Online fury over fears of SingTel charging for free chat apps

SINGAPORE - Netizens were up in arms on Thursday over fears that SingTel might charge subscribers for using popular messaging apps such as WhatsApp.

Many vented their unhappiness on the telco's Facebook page, criticising SingTel for trying to make more money by charging for chat apps, many of which are free.

Netizen Gail Koh said on SingTel's Facebook page: "If you really intend to charge people for the data used for WhatsApp, you (are) guaranteed a loss of many customers to competitors."

But SingTel later clarified on Facebook at about 6pm last night that it was not planning to charge customers separately for services such as WhatsApp.

The furore had been sparked by reports about SingTel chief executive Chua Sock Koong's call at the Mobile World Congress in Barcelona, for regulators to allow carriers, such as SingTel's Australian unit Optus, to charge providers of Internet services for using the telcos' networks.

A report by research firm Ovum last November said mobile operators globally were estimated to have lost US$32.6 billion (S$41.2 billion) in revenue to social messaging services in 2013, up from US$23 billion in 2012.

Ms Chua said operators had been "unable to monetise" higher demand for "over-the-top" services and the average revenue per user for telcos had fallen over time, said Australian media reports. Over-the-top services refer to Internet services such as WhatsApp, Twitter and Facebook, that are outside a telco's control.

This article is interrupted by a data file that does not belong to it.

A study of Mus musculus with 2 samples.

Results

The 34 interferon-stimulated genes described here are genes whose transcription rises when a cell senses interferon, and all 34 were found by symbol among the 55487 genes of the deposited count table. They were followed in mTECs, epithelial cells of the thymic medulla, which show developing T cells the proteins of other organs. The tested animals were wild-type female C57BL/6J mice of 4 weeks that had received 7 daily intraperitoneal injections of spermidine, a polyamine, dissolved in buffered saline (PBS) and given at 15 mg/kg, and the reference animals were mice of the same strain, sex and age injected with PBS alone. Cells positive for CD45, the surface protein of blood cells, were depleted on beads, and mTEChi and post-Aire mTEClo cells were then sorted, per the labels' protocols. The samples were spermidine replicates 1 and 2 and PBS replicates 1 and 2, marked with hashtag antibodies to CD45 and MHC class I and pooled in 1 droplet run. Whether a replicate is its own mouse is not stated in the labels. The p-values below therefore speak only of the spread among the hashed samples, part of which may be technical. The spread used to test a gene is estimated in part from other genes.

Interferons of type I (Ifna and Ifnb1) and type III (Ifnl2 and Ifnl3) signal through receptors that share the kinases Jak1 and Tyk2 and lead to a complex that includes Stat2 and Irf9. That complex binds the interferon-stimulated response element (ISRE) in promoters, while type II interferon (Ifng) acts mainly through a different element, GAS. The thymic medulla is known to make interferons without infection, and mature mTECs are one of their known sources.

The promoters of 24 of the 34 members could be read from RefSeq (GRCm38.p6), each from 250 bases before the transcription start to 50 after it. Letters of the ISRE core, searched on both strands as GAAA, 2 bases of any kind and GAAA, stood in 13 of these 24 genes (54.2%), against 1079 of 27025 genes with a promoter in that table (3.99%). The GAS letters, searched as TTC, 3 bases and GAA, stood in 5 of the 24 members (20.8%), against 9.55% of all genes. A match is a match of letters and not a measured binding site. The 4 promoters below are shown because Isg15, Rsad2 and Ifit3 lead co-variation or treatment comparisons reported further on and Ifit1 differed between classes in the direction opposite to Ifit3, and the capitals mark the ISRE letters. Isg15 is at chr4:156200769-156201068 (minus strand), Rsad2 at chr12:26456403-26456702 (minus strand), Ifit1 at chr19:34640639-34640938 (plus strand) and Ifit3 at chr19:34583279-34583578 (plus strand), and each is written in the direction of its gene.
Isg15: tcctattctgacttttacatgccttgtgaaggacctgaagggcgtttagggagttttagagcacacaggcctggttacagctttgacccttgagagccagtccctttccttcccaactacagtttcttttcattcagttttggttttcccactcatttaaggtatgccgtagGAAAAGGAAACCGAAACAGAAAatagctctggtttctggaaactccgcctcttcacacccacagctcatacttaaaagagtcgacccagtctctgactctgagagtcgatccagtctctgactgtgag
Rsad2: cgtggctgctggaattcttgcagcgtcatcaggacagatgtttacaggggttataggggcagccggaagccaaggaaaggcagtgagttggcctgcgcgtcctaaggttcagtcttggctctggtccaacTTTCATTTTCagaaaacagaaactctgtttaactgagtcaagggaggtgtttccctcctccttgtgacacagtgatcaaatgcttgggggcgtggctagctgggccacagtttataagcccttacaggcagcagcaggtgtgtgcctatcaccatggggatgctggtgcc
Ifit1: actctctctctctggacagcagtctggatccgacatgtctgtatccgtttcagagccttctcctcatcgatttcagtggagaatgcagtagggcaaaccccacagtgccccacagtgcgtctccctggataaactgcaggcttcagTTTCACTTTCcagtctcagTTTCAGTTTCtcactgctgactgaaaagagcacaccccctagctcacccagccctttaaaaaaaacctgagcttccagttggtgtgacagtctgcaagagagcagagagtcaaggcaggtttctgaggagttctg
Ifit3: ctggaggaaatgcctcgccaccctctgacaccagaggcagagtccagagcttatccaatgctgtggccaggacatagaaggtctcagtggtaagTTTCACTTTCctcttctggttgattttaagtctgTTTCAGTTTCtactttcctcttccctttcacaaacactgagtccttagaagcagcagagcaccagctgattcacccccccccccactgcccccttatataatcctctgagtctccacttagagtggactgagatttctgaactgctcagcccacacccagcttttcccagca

But Ms Chua also said telcos should not simply charge providers of services like WhatApp, but work with them.

SingTel told The Straits Times it already works with over-the-top players like WhatsApp and Facebook to offer prepaid users data plans featuring unlimited use of the services.

When contacted, M1 and StarHub said they would work with over-the-top service providers.

Mr Benjamin Tan, managing director of Internet service provider SuperInternet, said allowing companies to charge companies that run services like WhatsApp will set a precedent and make people wonder which other service will be next.

Asked if it would allow telcos here to charge firms such as WhatsApp, the Infocomm Development Authority (IDA) said in response that Internet service providers are not allowed to block legitimate Internet content to consumers. They also cannot impose restrictions, charges or other measures that cause legitimate Internet content to be effectively inaccessible or unusable.

"We are studying SingTel's and StarHub's plans to ensure that IDA's policies are updated and continue to protect consumers' interests, while allowing market innovation," IDA added.